Hydrocarbon Engineering,

A recent report by EY suggests that investment in Canada’s LNG industry will depend on whether LNG projects are competitive globally. Plentiful natural gas reserves alone will not support development. Understanding where Canada stands requires zeroing in on the factors that determine competitiveness. These include considerations such as:

  • Understanding the state of global competition and how other projects will impact the supply, demand and pricing balances.
  • Creating a framework where the various First Nations communities will support projects.
  • Addressing complex capital allocation decisions by global players, many of whom have multiple opportunities and are focused today on ensuring adequate project returns.
  • Building fiscal policy that is fair to multiple different constituents and ensuring that such fiscal policy will remain consistent over the life of the projects.
  • Developing world class competencies around people, processes and costs.

Global competition

Global powerhouses such as Australia and Qatar remain dominant threats to Canada’s LNG potential, though many face political and geographic challenges. EY highlights that emerging supply markets such as East Africa and Russia could also become competitive threats if their projects get off the ground. Meanwhile, the US continues to increase its focus on the sector. Seven projects have already received approval in the US and the Cheniere Energy Inc. project is scheduled to produce its first cargo by late 2015.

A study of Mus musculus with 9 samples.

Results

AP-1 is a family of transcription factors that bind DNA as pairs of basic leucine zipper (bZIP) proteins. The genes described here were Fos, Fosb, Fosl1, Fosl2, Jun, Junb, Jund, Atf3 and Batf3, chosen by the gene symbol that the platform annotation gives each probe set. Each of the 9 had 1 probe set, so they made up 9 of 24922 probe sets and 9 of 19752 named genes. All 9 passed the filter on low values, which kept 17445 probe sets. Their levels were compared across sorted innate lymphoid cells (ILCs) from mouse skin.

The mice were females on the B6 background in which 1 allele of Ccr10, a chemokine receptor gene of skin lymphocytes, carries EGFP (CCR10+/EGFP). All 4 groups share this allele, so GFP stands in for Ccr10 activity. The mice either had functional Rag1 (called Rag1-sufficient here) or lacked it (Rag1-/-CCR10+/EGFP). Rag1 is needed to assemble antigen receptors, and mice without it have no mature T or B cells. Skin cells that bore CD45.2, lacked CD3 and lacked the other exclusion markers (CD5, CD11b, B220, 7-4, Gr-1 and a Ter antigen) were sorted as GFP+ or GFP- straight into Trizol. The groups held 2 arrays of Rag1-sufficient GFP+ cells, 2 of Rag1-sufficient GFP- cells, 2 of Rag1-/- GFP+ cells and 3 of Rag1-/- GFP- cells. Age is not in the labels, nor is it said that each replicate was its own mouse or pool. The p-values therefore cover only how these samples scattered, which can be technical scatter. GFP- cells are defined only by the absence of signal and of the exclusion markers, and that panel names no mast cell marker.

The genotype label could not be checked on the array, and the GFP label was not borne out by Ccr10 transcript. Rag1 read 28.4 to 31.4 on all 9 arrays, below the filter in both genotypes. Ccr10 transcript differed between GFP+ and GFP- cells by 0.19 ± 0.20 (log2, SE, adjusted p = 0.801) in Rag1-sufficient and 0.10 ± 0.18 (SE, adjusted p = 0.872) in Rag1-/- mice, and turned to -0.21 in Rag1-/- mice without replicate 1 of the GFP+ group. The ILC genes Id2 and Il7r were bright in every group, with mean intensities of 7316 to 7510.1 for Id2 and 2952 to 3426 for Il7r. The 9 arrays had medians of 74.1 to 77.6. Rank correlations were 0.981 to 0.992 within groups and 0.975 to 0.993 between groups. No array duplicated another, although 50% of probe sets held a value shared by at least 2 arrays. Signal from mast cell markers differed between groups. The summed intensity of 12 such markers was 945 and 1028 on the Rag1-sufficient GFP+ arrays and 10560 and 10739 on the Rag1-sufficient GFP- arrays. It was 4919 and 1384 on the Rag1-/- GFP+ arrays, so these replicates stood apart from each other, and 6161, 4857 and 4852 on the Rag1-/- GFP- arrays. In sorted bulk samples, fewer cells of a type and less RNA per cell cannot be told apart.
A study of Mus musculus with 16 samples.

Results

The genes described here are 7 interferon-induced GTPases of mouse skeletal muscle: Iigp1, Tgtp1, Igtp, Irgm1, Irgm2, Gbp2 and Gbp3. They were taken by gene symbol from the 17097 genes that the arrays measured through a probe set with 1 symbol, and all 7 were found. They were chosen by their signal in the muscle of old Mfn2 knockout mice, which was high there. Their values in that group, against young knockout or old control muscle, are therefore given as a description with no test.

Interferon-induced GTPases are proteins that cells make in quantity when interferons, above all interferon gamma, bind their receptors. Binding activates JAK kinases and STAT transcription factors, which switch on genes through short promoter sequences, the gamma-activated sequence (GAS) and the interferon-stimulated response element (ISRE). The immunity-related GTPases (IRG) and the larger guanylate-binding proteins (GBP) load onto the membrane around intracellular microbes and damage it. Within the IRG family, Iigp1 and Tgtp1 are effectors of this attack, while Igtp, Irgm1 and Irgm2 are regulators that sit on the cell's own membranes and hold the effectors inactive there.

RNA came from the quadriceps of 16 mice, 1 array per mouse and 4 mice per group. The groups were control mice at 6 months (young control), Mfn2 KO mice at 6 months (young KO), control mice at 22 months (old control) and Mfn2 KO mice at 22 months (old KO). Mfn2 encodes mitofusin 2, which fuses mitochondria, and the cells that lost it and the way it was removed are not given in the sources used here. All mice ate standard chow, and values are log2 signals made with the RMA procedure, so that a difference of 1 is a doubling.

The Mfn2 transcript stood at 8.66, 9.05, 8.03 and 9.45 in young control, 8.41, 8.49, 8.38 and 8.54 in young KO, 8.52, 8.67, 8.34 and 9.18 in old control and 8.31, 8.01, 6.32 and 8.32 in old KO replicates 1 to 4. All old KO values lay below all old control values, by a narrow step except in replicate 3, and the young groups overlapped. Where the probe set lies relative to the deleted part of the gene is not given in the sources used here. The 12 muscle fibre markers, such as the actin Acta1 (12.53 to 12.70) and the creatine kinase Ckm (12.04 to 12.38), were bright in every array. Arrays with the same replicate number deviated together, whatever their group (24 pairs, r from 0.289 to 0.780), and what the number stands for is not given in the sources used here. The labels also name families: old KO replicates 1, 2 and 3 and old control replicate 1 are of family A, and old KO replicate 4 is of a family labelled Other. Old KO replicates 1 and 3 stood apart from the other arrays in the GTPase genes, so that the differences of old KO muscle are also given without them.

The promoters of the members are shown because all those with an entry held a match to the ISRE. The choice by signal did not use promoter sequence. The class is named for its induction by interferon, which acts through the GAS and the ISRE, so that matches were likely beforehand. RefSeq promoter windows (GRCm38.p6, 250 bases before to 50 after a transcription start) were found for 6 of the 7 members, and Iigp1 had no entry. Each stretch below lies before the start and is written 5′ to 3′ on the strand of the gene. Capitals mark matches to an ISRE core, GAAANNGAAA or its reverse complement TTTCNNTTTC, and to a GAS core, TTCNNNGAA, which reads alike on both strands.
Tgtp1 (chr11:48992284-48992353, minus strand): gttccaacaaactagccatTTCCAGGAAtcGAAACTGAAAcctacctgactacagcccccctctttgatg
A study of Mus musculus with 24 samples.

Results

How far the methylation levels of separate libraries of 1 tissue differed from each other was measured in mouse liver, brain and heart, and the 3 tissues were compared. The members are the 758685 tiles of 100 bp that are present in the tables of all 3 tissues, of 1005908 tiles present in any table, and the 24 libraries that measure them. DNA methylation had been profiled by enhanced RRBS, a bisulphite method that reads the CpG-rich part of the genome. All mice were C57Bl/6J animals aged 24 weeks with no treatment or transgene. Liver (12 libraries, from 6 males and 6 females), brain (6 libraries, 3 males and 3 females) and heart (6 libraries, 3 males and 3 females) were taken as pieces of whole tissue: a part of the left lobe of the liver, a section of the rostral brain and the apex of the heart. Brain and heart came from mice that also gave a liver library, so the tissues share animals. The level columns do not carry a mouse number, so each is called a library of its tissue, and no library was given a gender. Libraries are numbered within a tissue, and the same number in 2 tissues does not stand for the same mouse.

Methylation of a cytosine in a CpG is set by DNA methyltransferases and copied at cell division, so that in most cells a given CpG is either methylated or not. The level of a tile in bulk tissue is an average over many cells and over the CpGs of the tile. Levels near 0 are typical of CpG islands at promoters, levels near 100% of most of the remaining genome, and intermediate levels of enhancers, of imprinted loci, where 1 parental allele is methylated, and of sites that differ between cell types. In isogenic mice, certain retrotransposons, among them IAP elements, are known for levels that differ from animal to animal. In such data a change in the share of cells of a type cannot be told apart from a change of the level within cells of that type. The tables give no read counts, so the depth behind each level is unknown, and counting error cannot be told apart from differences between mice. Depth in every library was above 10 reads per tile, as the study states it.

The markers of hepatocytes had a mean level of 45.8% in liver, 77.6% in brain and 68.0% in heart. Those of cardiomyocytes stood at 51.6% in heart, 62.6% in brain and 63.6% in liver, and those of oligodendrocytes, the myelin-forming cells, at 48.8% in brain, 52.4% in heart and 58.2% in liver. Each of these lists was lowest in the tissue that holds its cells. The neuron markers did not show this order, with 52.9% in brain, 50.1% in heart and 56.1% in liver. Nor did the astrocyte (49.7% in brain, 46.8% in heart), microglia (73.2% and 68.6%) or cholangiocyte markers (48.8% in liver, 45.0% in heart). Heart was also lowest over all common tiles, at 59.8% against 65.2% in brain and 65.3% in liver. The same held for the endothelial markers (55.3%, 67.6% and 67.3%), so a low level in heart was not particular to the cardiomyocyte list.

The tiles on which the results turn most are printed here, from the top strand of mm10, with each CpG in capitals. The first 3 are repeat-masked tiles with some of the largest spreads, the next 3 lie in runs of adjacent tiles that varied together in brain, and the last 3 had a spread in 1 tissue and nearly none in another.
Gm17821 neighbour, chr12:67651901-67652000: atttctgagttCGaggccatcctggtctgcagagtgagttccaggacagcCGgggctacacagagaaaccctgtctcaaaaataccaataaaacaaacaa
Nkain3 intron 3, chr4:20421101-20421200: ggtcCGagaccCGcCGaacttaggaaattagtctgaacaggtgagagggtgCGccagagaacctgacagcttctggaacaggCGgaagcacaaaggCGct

Many argue that Canada has a transportation cost advantage based on shipping distance. The West Coast provides a direct route to Asian markets that is shorter than the US and on par with Australia shipping times. To access Asia US cargoes will have to travel through the Panama Canal. While this will cut shipping times significantly, there is still much uncertainty in regards to tolls.

EY explains that LNG production faces competition from other countries but also from other energy resources. Coal and nuclear power production is on the rise in many countries.

Canada’s advantages

  • Regulatory and market support for exports.
  • Projects led by global players (operators, customers).
  • Cost advantages versus competing projects (all-in transportation, operating costs).
  • Participants hold equity interests in gas.
  • Stable legal and fiscal business environment.
  • Skilled labour market in Western Canada.

Canada’s disadvantages:

  • Infrastructure required (facilities, pipelines, production and civil).
  • Cost pressures (project construction, people shortages).
  • Global competition.
  • Evolving pricing arrangements (oil price de-linking).
  • Complex First Nation dynamics.
  • Continuing uncertainty regarding applicable fiscal regimes.

Adapted from a report by Emma McAleavey.